Brighton's set-piece woes continued in a 2-0 defeat at West Brom this afternoon. Here's six things we learned from the game.
Corner woes continue
Much has been said and written about the Seagulls' set-piece woes but Brighton conceded two more goals from corners.
In the build-up to the game, all the talk from West Brom fans and pundits was how the match was must-win for the Baggies.
They went into it without a win in 20 Premier League games and had scored just four times in eight matches under Alan Pardew.
For Brighton to concede from another corner inside four minutes gave the hosts a much-needed lift and left Brighton with a mountain to climb - especially as Albion hadn't scored away since a 1-0 victory at Swansea in early November.
West Brom's second ten minutes into the second half pretty much put the game to bed.
This has been said before but the Seagulls have to quickly stop conceding so many soft goals from set-pieces. Brighton don't score many goals so giving away so many poor goals will make the task of staying in the Premier League all the harder.
Speaking post-match, Brighton manager Chris Hughton said: "We have probably done more work on defending set plays in the last couple of weeks than the season, so that is a concern."
West Brom fans knew the importance of today's match and the atmosphere was rocking inside the ground.
The Music blaring out of the speakers pumped the Baggies supporters up before kick-off and every home fan also had clappers to boost the level of noise.
It's arguably been the best and nosiest home support the Seagulls have come up across this season and the early goal only raised the decibel levels.
Baggies manager Alan Pardew spoke about how home games will be crucial for his side in his programme notes, saying: "Our home games will be crucial in determining how our season ends. Today represents the first of many opportunities we have at The Hawthorns to win the points we need.
"Our home programme looks reasonable on paper and that should give us some heart as we head into these next 16 games. But all of us have to take the responsibility to make things happen."
The same can be said for the Seagulls. They have to start winning more matches at the Amex in the coming months to keep their place in the top flight.
Brighton failed to score for the ninth time in 12 Premier League away matches which just re-emphasised how vital additions are going to be the transfer window.
They were almost too predictable attacking at times and desperately need to score more goals in their battle to stay in the top flight.
Anthony Knockaert had the best opportunity, with the Seagulls 2-0 down, but blazed over.
Brighton have been linked with a number of strikers so far this window - Moussa Dembele, Ze Luis and Florin Andone among them.
You can't help but think Brighton need to add at least another striker and winger to boost their attacking options for the final third of the season.
Baggies end unwanted club record
West Brom ended their club record winless run with a relatively comfortable win against Brighton, who were again disappointing on the road.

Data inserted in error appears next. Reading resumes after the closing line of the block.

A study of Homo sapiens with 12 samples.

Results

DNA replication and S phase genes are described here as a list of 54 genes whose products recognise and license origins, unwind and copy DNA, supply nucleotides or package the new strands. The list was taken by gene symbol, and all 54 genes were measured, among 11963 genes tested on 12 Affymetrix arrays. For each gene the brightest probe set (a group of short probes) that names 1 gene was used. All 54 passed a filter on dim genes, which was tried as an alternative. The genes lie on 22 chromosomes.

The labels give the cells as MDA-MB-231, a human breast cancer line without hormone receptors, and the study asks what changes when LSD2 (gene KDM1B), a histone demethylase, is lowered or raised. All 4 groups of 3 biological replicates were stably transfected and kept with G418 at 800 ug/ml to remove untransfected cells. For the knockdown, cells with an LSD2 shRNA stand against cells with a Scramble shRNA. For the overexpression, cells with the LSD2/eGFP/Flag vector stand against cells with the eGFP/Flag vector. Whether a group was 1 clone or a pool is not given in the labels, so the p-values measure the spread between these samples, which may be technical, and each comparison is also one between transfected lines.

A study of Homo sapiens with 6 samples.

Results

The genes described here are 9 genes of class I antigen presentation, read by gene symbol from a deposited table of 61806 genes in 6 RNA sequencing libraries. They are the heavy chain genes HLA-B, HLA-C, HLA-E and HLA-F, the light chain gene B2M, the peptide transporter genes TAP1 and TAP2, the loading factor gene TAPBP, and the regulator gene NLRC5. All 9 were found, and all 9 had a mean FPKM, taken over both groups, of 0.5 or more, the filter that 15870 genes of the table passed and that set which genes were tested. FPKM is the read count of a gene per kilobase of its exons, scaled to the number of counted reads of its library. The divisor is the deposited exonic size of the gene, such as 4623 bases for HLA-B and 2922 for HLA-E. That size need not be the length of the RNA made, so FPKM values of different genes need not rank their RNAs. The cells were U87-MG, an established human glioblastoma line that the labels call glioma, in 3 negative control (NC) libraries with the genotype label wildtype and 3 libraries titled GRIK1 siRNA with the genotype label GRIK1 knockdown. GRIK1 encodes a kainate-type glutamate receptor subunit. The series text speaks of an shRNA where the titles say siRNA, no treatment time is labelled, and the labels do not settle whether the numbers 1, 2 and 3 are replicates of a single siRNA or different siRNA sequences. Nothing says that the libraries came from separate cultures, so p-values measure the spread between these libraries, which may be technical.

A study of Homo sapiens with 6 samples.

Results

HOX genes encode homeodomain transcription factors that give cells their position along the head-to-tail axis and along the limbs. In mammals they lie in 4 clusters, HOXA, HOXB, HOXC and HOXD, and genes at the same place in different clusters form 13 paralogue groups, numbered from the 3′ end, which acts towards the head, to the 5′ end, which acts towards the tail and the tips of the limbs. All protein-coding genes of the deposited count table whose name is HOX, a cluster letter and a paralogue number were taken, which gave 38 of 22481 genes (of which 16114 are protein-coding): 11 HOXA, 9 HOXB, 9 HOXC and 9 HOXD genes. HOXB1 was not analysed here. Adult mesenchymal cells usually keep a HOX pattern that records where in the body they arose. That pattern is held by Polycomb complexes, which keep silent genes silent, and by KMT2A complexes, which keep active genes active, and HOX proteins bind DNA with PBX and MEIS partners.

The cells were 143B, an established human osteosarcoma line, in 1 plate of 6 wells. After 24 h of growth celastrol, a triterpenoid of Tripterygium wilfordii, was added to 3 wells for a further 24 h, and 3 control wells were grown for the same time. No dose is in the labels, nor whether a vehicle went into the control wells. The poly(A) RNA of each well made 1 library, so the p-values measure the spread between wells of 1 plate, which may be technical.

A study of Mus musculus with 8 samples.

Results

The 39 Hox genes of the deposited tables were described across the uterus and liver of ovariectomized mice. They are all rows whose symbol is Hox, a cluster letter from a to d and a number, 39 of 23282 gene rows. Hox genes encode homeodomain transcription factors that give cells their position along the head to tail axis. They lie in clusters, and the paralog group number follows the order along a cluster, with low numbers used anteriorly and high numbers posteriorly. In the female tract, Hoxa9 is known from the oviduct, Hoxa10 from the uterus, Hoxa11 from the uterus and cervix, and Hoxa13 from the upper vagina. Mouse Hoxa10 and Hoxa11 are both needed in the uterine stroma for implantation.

The Baggies had failed to win in 20 league matches and had recorded just two victories in their last 31 Premier League games but eased to all three points this afternoon.
The Seagulls have now won just once in 12 league games and have failed to score in more than ten hours on the road.
Brighton started the day 12th but have now fallen to 15th, just three points above Stoke who have a game in hand. Things don't get any easier for the Seagulls next week when Chelsea head to the Amex.
An incident between Brighton defender Gaetan Bong and West Brom striker Jay Rodriguez has been reported to The FA.
The pair clashed shortly after the Baggies went 2-0 ahead, with Rodriguez holding his nose and then wafting it but Bong reported something Rodriguez said to referee Martin Atkinson.
Atkinson then spoke to the fourth official Tony Harrington, who wrote down some notes about the incident.
Both managers confirmed post-match that Bong had reported Rodriguez for something he said and it the matter will now go to The FA.
Penalty or not?
There has been much debate over the use of VAR in the past week, with the Seagulls' FA Cup clash with Crystal Palace the first time it had been used in a domestic match in England.
Glenn Murray's late winner against the Eagles was given after referee Andre Mariner had checked with VAR (video assistant referee) Neil Swarbrick that the goal was legal.
VAR was also used in the League Cup semi-finals last week, so it's unlikely it will be long until it's a regular feature in Premier League matches with a little bit of tweaking.
Had it been in place today, would Brighton have conceded a first half penalty?
Murray's hands were up as he blocked a Matt Phillips shot. Referee Martin Atkinson signalled Murray was stopping the ball from hitting his face but - like last season against Sheffield Wednesday when Murray conceded a penalty for a similar incident - would another referee have given a different decision?
Had VAR been in place and the decision looked at, it would have been interesting to see what would have happened.